The Covid Inquiry grinds on. The process is ‘too focused on office tittle-tattle’ says one former minister in my newspaper this morning. Possibly – though it may also be that the warped focus consists in the media reports filtering out the worthier but more boring stuff. The inquiry (say others) is too focused on the speed or otherwise with which Britain locked down, rather than whether we should ever have locked down as we did in the first place. Others too complain that the inquisition is overly focused on ‘gotcha’ headlines when better results would flow from a sober review that accepted that everyone was doing their best.
There’s truth in each of these complaints but I don’t think they get to the heart of it. I have a different view.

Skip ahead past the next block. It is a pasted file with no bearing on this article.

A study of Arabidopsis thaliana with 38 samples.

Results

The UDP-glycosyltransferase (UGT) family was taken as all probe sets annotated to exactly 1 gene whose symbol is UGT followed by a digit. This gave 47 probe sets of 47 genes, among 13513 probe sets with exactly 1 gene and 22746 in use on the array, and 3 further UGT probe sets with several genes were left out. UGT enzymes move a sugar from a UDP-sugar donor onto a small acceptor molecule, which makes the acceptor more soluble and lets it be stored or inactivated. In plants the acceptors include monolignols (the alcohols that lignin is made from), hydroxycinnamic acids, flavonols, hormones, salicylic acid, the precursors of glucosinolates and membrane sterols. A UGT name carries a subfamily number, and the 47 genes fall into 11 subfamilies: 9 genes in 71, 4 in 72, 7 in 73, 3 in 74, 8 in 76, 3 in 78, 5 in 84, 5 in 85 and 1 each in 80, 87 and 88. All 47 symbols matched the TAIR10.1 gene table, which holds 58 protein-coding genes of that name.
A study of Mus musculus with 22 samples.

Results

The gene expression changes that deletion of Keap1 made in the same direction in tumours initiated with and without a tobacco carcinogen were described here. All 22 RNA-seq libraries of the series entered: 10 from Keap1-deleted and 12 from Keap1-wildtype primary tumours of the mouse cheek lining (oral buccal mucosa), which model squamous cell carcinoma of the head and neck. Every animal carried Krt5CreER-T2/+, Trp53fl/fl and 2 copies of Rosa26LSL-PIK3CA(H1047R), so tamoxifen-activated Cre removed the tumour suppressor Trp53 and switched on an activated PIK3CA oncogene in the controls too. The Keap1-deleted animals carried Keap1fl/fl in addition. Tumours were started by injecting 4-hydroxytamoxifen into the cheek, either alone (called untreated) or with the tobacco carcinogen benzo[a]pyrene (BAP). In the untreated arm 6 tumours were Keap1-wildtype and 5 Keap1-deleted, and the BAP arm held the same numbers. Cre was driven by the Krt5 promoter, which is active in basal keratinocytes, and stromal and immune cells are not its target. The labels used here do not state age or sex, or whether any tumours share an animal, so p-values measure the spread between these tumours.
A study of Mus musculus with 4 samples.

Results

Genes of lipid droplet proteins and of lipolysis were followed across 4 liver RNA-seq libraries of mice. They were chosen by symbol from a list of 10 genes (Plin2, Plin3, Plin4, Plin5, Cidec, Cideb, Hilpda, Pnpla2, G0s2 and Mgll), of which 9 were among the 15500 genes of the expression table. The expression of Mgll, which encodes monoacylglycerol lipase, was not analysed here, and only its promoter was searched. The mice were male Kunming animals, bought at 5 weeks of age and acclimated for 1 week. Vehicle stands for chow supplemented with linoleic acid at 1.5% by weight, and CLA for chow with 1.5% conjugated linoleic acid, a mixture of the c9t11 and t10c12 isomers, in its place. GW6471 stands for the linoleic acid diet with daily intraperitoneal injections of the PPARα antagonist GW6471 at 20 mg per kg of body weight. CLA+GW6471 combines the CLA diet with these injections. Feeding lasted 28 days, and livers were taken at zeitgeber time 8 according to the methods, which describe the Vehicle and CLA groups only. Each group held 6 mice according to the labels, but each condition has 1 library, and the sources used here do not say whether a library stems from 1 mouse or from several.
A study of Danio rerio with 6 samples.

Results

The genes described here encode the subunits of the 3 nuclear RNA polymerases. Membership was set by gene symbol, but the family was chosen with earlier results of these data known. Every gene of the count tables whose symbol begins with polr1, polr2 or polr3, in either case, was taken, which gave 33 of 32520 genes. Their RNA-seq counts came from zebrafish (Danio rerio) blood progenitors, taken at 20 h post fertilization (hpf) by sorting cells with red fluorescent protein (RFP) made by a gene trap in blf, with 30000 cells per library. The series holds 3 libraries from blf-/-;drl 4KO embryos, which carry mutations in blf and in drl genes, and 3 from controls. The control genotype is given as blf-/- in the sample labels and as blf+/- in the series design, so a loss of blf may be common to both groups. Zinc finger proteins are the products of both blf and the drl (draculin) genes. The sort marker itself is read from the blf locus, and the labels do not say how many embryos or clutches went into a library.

However conducted, and with whatever focus, all inquiries like this will of necessity suffer from one crippling disadvantage. Whether in an aggressive or constructive manner, they invite people to try to justify what they did. Human beings, however, will almost always after the event try to justify what we do.
It’s often firstly ourselves we mislead. We habitually put the best gloss we can on our past actions. It’s part of staying sane – we have to live with ourselves, after all: we have to be able to look ourselves in the eye. Besides, we know we meant well. What would be the point of crying over spilt milk? We are (quite healthily) not disposed to beat ourselves up, particularly when, as with lockdown, we’ve invested two years of serious personal inconvenience in a plan of action. We bridle at being asked to disavow such an investment.
Don’t, in short, ask a human being if he can justify what he did.